November 10, 2008
By Bill Cain, The Leader-Herald

When Broadalbin-Perth sent both its boys' and girls' cross country teams to the state meet Saturday, it was the realization of a goal set six years ago.

That was quite an accomplishment. It would be in any sport. I think it's even more so in cross country, which is possibly the most intense sport out there.

Think about the origin or running.

Somewhere along the line, a hairy, barefoot man we'll call Ug was walking along on two legs, digging his new uprightness, thinking how different the world looked from 5 feet off the ground.

It probably wasn't long before some big bear thing or tiger thing sprang from the bushes and tackled this guy's friend, Um-uh. Suddenly, those two legs started moving pretty fast, probably a bit awkwardly at first.

Running was born.

Somewhere along the line, some crazy descendent of Ug started running for recreation.

Now we have cross country.

Cross country is far more intense than its poor cousin, track. Track has, well, a track. A nice rubber surface, a well-defined route around a field. Cross country takes runners through the woods, maybe over the river, but never to grandmother's house. Just more trails to run on and eventually a small cup of water you drink while doubled over with your knees digging into the mud at the end of the chute.

These athletes run hard, even when they're pacing themselves. Pacing themselves, they move faster than I could if I was being chased by a big bear thing.

They run harder when they have to and, when they are finished, maybe they throw up.

Talk about leaving it all on the field.

All the coaches and players in the fun sports talk about leaving it all on the field or court or whatever surface on which they compete. None of them expect their players or teammates to exert themselves to the point of hurling. They just want their best effective effort.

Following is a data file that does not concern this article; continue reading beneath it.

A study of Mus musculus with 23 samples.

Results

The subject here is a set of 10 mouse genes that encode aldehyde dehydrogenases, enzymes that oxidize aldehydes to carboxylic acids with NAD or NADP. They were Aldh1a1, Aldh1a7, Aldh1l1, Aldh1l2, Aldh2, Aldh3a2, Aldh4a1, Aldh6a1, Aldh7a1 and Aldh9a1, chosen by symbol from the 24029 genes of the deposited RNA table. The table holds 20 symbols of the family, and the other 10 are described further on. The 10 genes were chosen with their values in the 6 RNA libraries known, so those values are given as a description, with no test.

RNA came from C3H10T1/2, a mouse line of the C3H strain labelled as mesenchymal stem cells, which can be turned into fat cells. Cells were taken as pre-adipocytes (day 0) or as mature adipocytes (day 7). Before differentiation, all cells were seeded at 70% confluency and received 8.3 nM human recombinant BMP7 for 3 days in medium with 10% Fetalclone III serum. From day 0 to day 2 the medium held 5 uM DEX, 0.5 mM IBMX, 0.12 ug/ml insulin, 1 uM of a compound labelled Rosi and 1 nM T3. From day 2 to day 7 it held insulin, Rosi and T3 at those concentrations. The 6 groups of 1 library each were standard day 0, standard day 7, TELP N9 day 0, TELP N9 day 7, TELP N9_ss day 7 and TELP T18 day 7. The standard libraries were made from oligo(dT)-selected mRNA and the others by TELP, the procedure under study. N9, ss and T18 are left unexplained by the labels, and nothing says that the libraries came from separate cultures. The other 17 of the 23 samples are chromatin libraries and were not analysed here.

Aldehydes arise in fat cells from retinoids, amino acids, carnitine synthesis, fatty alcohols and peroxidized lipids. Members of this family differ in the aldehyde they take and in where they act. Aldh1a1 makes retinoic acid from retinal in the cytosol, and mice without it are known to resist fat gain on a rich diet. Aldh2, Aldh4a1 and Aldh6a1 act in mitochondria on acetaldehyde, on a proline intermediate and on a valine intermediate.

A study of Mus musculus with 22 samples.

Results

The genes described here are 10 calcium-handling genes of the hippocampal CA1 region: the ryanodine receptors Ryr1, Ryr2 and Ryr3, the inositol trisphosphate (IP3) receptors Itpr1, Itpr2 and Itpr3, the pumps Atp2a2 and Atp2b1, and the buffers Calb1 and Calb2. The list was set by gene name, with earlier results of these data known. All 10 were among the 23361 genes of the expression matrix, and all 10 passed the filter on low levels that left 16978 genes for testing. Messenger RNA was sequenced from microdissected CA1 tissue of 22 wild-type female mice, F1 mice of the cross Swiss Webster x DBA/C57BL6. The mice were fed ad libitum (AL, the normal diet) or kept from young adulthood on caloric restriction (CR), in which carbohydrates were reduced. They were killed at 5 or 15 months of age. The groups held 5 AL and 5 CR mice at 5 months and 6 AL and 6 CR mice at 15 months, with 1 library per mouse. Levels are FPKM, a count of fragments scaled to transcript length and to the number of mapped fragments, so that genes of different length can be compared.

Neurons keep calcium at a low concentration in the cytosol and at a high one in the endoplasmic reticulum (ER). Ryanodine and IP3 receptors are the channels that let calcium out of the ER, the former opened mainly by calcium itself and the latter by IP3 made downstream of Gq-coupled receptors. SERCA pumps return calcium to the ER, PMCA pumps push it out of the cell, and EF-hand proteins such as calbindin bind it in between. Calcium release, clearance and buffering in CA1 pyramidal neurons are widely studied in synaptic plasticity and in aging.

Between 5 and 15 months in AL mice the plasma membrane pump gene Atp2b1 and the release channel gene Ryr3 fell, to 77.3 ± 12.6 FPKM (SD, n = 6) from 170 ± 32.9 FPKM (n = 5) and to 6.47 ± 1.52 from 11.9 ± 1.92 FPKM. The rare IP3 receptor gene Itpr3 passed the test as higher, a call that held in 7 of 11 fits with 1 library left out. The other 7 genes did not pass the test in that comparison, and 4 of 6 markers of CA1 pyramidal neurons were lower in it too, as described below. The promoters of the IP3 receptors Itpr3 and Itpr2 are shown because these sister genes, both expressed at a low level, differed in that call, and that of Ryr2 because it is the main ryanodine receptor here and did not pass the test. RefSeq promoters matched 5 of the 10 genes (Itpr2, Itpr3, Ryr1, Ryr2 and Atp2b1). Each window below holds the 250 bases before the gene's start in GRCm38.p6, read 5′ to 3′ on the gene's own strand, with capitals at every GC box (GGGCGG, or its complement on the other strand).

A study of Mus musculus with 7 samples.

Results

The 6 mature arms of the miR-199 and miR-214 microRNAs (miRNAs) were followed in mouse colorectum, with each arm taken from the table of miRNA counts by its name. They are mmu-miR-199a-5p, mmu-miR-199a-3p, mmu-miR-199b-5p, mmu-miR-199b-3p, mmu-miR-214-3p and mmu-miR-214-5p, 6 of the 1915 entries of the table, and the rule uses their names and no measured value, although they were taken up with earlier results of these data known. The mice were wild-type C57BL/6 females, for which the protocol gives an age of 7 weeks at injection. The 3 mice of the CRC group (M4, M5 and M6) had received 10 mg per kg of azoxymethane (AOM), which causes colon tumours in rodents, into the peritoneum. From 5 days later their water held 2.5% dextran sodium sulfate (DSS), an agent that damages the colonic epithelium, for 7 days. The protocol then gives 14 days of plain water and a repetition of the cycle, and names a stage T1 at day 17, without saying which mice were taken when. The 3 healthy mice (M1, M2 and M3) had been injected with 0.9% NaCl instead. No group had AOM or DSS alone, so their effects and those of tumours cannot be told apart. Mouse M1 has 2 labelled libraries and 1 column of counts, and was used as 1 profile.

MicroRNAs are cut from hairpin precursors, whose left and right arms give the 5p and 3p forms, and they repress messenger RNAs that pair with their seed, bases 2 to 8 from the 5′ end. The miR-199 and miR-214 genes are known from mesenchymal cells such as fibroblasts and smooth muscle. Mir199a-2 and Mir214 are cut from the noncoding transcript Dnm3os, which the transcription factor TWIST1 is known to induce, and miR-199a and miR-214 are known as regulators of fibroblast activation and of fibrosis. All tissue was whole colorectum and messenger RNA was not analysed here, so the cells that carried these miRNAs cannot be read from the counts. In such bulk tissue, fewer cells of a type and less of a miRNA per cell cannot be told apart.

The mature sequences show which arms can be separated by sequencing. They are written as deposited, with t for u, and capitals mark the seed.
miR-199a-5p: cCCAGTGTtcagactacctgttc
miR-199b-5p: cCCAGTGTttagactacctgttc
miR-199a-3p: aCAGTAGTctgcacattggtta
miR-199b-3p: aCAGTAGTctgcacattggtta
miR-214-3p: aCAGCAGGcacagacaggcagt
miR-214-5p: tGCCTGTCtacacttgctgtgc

Other sports offer more than just pain. There is fun and, in most cases, camaraderie that helps make up for what pain there is.

Running is more solitary, although cross country teams are usually fairly close and usually a little quirky and their fun is had off the course.

Once on the course, there is just the win - for self or team. Running faster and/or farther than you did the day before. Catching that person in front of you, so they will be eaten by the big bear thing instead of you.

Oh, and there is the pain, but you ignore it. Giving in to the pain gets you eaten, and that is more painful.

In other sports, running is punishment for screwing up in practice.

In the communities that produce the top cross country teams, there usually is a larger sub-culture of runners than in other communities.

Crazy people.

The Broadalbin-Perth school district apparently has such a group. You have to be at least a little crazy to put in all the necessary work to excel at running without being chased.

Bill Cain is a sportswriter for The Leader-Herald. We invite your feedback on this or any other sports-related topic. E-mail your opinions or ideas to us at sports@leaderherald.com.